Updated: Apr 4


Photo by Skye Marthaler


The William Martin House sits at 5215 Seward Rd. It is a 3 story stone home built in 1852.


The original home was called Hayesland and built in 1852 by Emily Crockett McGavock Hayes (1830-1920) and Oliver Bliss Hayes II (1825-1868). The land was given to them by her father, Lysander McGavock, of Midway. The home and property lay just north of the former McGavock home of Midway. Hayes’s parents were Oliver B. and Sarah C.H. Hayes of Rokeby. His sister was Adelicia Hayes Franklin Cheatham of Fairvue and Belmont.


The house burned while the Hayes were on their honeymoon so they constructed a smaller one behind it. Their daughter Elizabeth “Bettie” Hayes Martin (1863-1933) and her husband Dr. William Wallace Martin (1851-1946) owned it next. Dr. Martin was a Methodist minister and professor of Hebrew at Vanderbilt University. In 1910, the smaller Hayesland was remodeled and enlarged with Colonial Revival style. The Martin family resided there from the 1890s to 1924.


In 1924, the Hayesland estate was divided in two portions. The much larger portion which extended north to Old Hickory Blvd. was purchased by Henry Harry Hughes. He later sold the property of about 100 acres to Truman Ward (H.G.W. Mayberry House) in 1937. Ward kept the land as a horse farm (named Maryland Farms for his wife Mary) and increased it to 400 acres. From 1979-1991, investors including Truman's son Jim Ward and Jack Massey (Broook House) as Maryland Farm Developers purchased the farm land and slowly created a business park called Maryland Farms.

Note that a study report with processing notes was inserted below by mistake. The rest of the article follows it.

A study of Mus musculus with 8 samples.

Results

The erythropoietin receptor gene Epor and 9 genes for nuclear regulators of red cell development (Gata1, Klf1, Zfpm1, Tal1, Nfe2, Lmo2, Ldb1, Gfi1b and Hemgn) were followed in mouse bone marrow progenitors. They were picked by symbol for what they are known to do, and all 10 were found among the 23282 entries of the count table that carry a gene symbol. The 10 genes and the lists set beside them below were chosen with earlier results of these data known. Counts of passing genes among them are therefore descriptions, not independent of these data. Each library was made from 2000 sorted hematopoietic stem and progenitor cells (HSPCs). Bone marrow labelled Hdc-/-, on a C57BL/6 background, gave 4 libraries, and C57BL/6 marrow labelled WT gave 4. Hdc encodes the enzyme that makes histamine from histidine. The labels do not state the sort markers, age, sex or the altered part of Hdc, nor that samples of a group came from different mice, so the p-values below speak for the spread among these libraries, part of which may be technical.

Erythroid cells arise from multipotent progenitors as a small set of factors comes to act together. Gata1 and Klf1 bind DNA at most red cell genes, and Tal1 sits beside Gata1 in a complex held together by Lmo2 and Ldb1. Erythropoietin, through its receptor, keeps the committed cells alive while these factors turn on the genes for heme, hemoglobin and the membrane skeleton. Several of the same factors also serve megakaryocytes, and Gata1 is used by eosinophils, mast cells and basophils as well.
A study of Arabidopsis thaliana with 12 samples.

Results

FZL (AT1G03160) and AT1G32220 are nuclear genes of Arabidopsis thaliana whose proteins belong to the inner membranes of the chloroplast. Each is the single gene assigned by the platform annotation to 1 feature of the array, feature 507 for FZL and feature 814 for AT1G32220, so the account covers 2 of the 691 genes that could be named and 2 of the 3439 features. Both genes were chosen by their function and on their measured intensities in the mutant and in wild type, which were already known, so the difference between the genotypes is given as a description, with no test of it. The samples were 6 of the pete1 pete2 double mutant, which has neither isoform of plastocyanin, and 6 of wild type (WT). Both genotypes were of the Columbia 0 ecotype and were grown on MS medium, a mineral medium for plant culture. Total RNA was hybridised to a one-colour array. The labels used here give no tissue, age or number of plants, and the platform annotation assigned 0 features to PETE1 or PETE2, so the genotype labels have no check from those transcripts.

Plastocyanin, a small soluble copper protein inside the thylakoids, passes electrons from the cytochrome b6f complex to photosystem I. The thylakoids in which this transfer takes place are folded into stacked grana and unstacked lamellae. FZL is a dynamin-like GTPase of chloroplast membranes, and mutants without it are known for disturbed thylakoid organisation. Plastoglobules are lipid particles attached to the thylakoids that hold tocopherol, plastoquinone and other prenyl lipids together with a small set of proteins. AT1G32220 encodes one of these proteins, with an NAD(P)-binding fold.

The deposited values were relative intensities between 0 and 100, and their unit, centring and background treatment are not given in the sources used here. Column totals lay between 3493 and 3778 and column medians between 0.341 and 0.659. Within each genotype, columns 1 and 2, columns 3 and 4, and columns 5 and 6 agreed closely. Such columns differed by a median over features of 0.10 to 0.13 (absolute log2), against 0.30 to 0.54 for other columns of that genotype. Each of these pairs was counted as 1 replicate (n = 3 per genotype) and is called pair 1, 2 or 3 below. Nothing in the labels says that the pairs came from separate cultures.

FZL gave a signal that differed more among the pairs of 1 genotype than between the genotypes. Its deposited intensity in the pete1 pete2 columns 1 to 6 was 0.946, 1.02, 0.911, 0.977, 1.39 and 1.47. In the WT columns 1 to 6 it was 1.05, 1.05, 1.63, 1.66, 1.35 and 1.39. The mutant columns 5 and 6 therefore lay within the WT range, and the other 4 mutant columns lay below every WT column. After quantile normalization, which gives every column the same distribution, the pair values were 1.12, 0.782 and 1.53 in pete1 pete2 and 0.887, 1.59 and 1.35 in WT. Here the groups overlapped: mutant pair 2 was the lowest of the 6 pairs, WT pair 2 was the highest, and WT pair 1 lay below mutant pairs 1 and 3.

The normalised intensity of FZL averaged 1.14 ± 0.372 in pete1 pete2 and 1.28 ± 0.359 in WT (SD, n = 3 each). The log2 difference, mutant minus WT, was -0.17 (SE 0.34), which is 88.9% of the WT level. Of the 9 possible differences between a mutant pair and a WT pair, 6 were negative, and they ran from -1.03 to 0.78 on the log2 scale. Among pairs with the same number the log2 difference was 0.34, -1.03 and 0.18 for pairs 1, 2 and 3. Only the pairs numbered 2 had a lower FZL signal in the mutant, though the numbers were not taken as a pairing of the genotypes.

Mrs. William Smart purchased the mansion and a small portion of the estate. Evidently, Mrs. Smart did not maintain the grounds very much.


About eleven years later, in 1935, Mrs. Smart sold her home and land to Arthur James (A. J.) Dyer (1868-1957) and Elizabeth W. Buttorff Dyer (1875-1954). Dyer was a graduate of the Vanderbilt Engineering School and founded the Nashville Bridge Company. It expanded to a successful domestic and international market. From the 1920s into the 1960s, Nashville Bridge Company constructed barges and launched them from its facilities on the Cumberland River and its plant in Bessemer, AL. In the 1960s, the company became the world’s largest builder of inland barges. In 1969, Dyer sold Nashville Bridge Company barge operations and at some point Ingram Industries owned it. Then in 1972, the Dyer family sold the bridge operations.


The Dyers also gave money for the Dyer Observatory in Brentwood - the only Vanderbilt operation not on the main Vanderbilt campus and it is also listed on the National Register of Historic Properties. The Dyers renamed the estate Boxland Hall. The Dyer family created Dyer Lake. At some point, much of the Boxwood Hall estate was developed into the residential Meadowlake. In 1965, James “Jim” and Nell Fowler found the vacant stone mansion with just under 2 acres and moved from their Brook Hollow Rd. home in Hillwood. Jim was an executive with Genesco and then owned Glengary Gallery, and Nell is a free-lance designer specializing in older home renewal. The families are remembered with Dyer Lake, Dyer Lane, Hayeswood Dr.. NRHP 1988 See Midway, Fairvue/ Belmont, Rokeby


[Sidenote: Growing up in Nashville, I got to witness 2 barge launchings from the Nashville Bridge facility and the sight was awesome to watch a barge slide down into the Cumberland River.]


Sources:

National Register Properties, Williamson County, TN, Hillsboro Press, 1995, ed. Pearce, Warwick, Hasselbring, p.